Domestic Violence Solicitor Specialists
Connecting you with expert family law solicitors in Dublin
Domestic Violence Categories
Domestic violence is a criminal offence in Ireland, but sadly it’s an all too frequently occurring issue in our country. It can happen within and/or outside the home environment. Victims of this type of violence, unfortunately, are very often too afraid to tackle or take the necessary steps to escape their volatile predicament. In many cases, close family or friends can be completely unaware of the torment that happens within a violent relationship as victims can become all too ‘skilled’ at hiding the actions of an aggressive spouse or partner towards them.
Types of domestic violence can be categorised as follows:
The use of physical force or power to cause bodily harm to another person or persons. Physical abuse may often result with the infliction of bruises or other physical injuries.
Where a non-consensual sexual act is forced upon a spouse or partner. Sexual violence can also be perpetrated against dependant children.
This is a type of mental abuse which may not involve any physical abuse against the victim, This type of violence can be extremely harmful to the psychological welfare of the victim(s)causing constant states of fear, anxiety and low self-esteem. This type of ongoing abuse can lead to chronic depression or post-traumatic stress disorder(PTSD).
Where Can Domestic Abuse Victims Get Help?
Fortunately, there are a number of supports open to victims of domestic abuse where they can seek help.
Women’s Aid provides a 24 hour national phone helpline on 1800 341 900.
Safe Ireland provides a comprehensive list of help centres and phone supports on a per county basis. You can view the full list here.
If you wish to get legal help from a solicitor experienced in domectic violence cases, complete the short contact form at the bottom of this page and the recommended solicitor we connect you with will get back to you usually within a day (exclusive of weekends).
Domestic Violence Court Orders
Victims of domestic violence can apply to the court for protection against the perpetrator of the violence whether it be a spouse or partner. Domestic violence legislation provides for the protection of spouses, civil partners and child dependents.
Types of orders the court can make include the following:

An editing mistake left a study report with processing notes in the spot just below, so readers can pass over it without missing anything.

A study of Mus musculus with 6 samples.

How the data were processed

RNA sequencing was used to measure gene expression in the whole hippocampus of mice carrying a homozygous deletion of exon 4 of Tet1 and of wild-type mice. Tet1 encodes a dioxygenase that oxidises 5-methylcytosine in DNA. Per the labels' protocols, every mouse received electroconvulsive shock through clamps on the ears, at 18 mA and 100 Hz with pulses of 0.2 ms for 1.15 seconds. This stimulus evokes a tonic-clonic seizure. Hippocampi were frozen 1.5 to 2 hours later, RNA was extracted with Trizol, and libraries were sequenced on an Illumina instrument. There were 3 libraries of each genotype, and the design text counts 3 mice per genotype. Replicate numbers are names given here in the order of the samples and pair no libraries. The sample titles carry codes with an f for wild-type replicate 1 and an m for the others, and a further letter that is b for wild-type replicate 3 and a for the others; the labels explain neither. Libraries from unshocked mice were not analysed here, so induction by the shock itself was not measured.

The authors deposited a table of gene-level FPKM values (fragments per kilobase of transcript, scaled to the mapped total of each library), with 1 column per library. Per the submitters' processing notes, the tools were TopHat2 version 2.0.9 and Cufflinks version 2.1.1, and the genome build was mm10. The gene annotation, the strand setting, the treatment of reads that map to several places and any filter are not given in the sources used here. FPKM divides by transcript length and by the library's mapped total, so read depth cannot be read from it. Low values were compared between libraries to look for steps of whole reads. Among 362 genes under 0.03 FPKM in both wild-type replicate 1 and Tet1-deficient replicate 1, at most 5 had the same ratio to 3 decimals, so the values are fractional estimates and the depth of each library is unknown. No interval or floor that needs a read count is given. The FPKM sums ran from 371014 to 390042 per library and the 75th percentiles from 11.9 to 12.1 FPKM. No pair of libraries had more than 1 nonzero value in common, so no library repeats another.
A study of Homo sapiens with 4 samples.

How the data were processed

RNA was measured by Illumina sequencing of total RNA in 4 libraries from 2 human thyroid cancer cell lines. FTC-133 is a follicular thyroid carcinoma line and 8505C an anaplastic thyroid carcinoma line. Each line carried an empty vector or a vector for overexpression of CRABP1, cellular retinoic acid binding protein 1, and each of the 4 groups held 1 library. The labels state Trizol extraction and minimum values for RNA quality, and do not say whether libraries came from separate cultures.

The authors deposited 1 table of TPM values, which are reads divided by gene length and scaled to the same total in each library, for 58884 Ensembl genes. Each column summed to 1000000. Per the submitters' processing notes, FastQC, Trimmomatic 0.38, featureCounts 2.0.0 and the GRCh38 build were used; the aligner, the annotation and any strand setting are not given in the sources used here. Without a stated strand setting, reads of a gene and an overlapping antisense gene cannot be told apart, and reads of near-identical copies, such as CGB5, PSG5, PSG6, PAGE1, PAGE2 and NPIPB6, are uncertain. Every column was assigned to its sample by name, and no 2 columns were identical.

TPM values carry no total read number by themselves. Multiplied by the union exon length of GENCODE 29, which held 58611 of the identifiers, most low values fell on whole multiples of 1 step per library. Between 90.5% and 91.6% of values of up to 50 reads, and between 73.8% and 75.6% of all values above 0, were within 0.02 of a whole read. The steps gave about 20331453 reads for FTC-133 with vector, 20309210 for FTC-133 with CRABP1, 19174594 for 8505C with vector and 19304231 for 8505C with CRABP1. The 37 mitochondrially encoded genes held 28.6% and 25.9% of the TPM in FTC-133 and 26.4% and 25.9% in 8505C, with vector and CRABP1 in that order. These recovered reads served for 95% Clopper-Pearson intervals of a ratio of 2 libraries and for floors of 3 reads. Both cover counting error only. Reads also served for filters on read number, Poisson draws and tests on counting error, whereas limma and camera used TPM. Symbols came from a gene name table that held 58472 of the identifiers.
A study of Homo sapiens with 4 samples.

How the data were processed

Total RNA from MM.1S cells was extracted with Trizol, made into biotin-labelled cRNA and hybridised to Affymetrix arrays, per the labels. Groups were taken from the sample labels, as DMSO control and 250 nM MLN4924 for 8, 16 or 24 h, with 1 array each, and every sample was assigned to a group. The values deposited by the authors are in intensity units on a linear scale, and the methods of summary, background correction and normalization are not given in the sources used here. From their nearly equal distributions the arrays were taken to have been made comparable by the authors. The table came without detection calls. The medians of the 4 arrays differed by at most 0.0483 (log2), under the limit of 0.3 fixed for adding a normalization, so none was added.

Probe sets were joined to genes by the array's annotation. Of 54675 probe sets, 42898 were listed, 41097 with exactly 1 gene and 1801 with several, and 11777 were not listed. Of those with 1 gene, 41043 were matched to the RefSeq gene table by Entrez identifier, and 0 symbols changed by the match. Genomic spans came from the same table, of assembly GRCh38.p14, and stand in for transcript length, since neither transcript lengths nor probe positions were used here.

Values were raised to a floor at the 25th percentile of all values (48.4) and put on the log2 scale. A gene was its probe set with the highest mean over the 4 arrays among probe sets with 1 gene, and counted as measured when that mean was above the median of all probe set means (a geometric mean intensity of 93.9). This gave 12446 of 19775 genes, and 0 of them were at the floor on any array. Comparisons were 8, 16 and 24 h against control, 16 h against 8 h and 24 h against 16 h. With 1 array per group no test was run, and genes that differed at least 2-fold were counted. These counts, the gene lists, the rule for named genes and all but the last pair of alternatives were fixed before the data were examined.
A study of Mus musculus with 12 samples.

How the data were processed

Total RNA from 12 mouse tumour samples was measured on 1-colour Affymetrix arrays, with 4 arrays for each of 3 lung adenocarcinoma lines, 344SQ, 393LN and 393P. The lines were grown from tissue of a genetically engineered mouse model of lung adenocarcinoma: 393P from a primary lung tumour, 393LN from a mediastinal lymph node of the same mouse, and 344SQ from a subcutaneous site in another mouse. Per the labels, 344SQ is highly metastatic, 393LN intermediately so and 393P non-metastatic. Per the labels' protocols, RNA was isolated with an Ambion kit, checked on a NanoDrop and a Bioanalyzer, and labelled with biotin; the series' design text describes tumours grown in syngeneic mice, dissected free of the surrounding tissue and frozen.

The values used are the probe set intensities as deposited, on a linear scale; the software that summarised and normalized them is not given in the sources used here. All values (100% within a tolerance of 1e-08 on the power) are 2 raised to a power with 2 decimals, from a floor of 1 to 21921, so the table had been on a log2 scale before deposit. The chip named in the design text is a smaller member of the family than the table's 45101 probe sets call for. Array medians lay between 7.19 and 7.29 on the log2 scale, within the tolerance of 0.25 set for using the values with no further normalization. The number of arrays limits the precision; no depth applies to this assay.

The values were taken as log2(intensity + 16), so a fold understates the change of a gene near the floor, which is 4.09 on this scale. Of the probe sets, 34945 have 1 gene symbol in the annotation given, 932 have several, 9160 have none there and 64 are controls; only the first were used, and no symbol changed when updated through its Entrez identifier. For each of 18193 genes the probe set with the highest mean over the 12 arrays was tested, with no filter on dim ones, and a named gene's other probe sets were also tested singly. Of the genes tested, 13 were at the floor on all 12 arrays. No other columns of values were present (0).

(1) A Barring Order
With this type of order the party against whom a petition is filed (referred to as the respondent) must vacate the family home. The respondent must not return to the home of the applicant and/or dependant children. The order may also prohibit the respondent from using violence or making threats to use violence. A barring order issued in the District Court can last up to three years. Application can be made to your local District Court office. There is no time limitation on a barring order when made in the Circuit Court.
(2) An Interim Barring Order
When a barring order request is waiting to be heard, the court can, if it deems it necessary (and there are grounds for the court to believe there is a real risk of harm coming to the applicant or their dependants), grant an interim barring order. It is a temporary order to allow time for the actual barring order application to be heard and decided upon. The hearing must take place within 8 working days of the order being granted under the terms of the Domestic Violence Act, 2002.
(3) Safety Order
In this case, when a safety order is made against an individual, it precludes that individual from making threats of or taking part in violence. They are not, however, obliged to leave the family home. If they do not normally reside in the family home, they are then not permitted to be in the vicinity of the safety order applicant or dependent children. This type of order may last up to 5 years. Safety Orders are granted where the Courts decide there are reasonable grounds for believing that a safety order applicant’s safety or welfare is in danger.
(4) Protection order
This is a temporary safety order. It gives protection to the applicant Whilst the court deliberates on the granting of a safety or barring order application, a protection order can be issued. It is intended to last until this type of order provides some breathing space until such time as the court conducts it’s hearing and reaches it’s decision. The order also affords protection to the applicant in the interim period. As is the case of a safety order, the person against whom the order is sought is not legally bound to vacate the family home.
The information above and throughout our website is intended as a guide only to provide general information on the subject of domestic violence . We try to ensure that the all information is as current and accurate as possible, but we do not provide any explicit guarantee of this. Family Law Solicitors Dublin is NOT a solicitor’s office in itself nor do we purport to offer any legal services directly ourselves. What we do is match you with a competent family law solicitor who is legally qualified to offer you legal assistance.
If you are a victim of domestic abuse, you may wish to consult with or speak to an experienced domestic violence solicitor about the matter.